With the Boeing 737 Max 8 and Max 9 models grounded, we wanted to know what kinds of problems pilots on Hawaii flights have encountered? Always Investigating found pilots have flagged several mechanical glitches serious enough to report to the Federal Aviation Administration — and not just on 737s. The vast majority of reportable incidents, however, involve human error, airport congestion, and flight control staffing.
Among the FAA’s many layers of safety protocol is a process for voluntarilyy reporting, including writing up incidents on the Aviation Safety Reporting System. Always Investigating reviewed all postings since the Max models came out to see what kinds of issues Hawaii pilots had with the 737 Max or any other airplane.
We found that out of 129 postings since 2016, 5 flagged mechanical problems on passenger planes. Here are some narratives written by pilots themselves:
“We felt a kick. It happened a second and then a third time. The aircraft controls were doing something that was not normal.” That was on an unspecified plane model.
A 737 pilot noted, “multiple errors during taxi,” wrong weight, and a pitch incident resulting in a scraped tail.
On another 737, an extensive maintenance delay as followed by sudden-onset turbulence when none was forecast.
Autopilot kicked off on an Airbus and its instruments were hard to read.
Weak wi-fi was reported to be undermining real-time weather information on a 787, and the pilot wronte: “It has been about over a year since we were old the wi-fi issue on the 787 would be attended to and in the meantime, not to write it up in the logbook.”
An FAA spokesperson said, “The FAA reviews the reports and cross-references them with other data sources to identify possible risk areas for further investigation.”
Possible risk areas include things reported far more often than mechanical glitches: human error in the air or at flight control, risks from congestion at peak periods, staffing issues and fatigue at the towers.
A flight controller wrote up a near mid-air collision between incoming planes, calling it a “catastrophic event that was about to happen. This was a pilot deviation.”
And a pilot blamed ground control when two planes came too close for comfort at touchdown saying, “We would have been in direct conflict with the aircraft landing. ATC failed to sequence traffic.”
The FAA points out those are examples of their training, safety systems and backups working, saying “Our system is laced with so many layers of redundancy that one problem alone does not result in an accident.”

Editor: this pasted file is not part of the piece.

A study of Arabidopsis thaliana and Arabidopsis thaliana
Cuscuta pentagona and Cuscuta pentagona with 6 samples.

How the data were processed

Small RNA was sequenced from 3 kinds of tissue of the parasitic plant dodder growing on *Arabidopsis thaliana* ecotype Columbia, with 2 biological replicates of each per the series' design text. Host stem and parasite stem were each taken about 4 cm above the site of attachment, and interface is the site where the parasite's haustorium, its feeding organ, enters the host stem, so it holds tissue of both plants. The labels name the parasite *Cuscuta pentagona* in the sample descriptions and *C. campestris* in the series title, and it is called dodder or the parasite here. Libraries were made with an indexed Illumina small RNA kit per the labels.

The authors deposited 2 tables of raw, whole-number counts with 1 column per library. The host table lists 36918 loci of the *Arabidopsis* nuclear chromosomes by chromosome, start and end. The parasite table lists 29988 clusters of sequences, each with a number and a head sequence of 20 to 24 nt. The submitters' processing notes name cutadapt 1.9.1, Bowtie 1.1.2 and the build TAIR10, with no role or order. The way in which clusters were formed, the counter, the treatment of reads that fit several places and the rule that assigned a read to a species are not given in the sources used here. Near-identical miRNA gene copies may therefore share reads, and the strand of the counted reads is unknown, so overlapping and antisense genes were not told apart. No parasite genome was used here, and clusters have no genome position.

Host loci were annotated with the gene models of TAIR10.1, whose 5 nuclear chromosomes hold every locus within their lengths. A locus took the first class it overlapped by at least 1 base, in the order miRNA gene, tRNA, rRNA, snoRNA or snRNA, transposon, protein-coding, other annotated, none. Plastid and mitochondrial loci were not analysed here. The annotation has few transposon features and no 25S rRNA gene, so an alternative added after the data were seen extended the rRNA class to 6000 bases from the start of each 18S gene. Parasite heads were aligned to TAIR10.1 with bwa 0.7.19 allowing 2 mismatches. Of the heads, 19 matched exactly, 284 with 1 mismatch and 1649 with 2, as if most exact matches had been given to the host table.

But some aviation professionals say it could be a matter of time, feeling stretched to the limit in the Hawaii sectors, first by congestion at busy airports.
A controller writes, “Almost daily the controllers are telling them to hold planes, slow them or keep them out. This results in an extremely dangerous and complex ATC.”
Another says, “Today was the worst I have ever seen… The sector should not be working as much airspace as they do.”
Concerns about staffing levels in the face of a huge workload is straining workers at the control towers, tales of 6-day work weeks and being on-position hours at a time, controlling sectors that are often combined, or controllers working multiple roles on the same shift.
One incident report states, “I was working CIC and arrival radar combined because of low staffing.”
Another incident write-up says, “I was working cab and controller-in-charge combined. What the hell happened and why did everything break down so rapidly?”
But it’s the narratives from separate close-call incidents that are most unnerving.
A tower worker writes, “A catastrophic event almost occurred where 3 planes almost had a mid-air. We are short staffed, yet-again. I was trembling after the incident.”
“I don’t want to see another event like that occur before our management decides to de-combine the sectors during busy periods.”
In another incident a controller writes, “I blame the short staffing at the HCF. I am fatigued, as are my coworkers.
“Fatigue is playing a factor in our day-to-day operations. I fear a catastrophic incident could potentially happen.”
The FAA points out that while these are first-person anecdotes, that “they describe safety issues as perceived by the reporting party, and the FAA greatly values these reports,” adding “the U.S. commercial aviation system is experiencing the safest period in world transportation history.”
The FAA tells KHON2 they have a targeted staffing level of 83 controllers for Honolulu and have 88 on board, but the air traffic control workers union – the National Air Traffic Controllers Association – said in a statement they “are at a 30-year low of fully certified air traffic controllers nationwide and, as we have warned for several years, capacity would need to be reduced when there is not enough staffing to ensure the safety of all flights.”
NATCA says there are only 61 fully certified controllers for the Honolulu Control Facility area, stating “This is 22 below the facility’s targeted number for full staffing of fully certified controllers and reflects the fact that this is an understaffed facility, very much like others around the country which is why we have called it a staffing crisis.”
NATCA says the headcount of 88 that the FAA provided includes trainees who can only work certain amounts of traffic on their own or work alongside an on-the-job trainer, and should not be counted as part of an analysis of proper staffing for a facility in handling the day-to-day traffic loads.
The state Department of Transportation said in a statement: “Air Traffic Controllers are federal employees and HDOT does not manage their staffing schedules. As always, safety is atop priority and we will work with our partners in the federal government to continue safe and efficient operations.”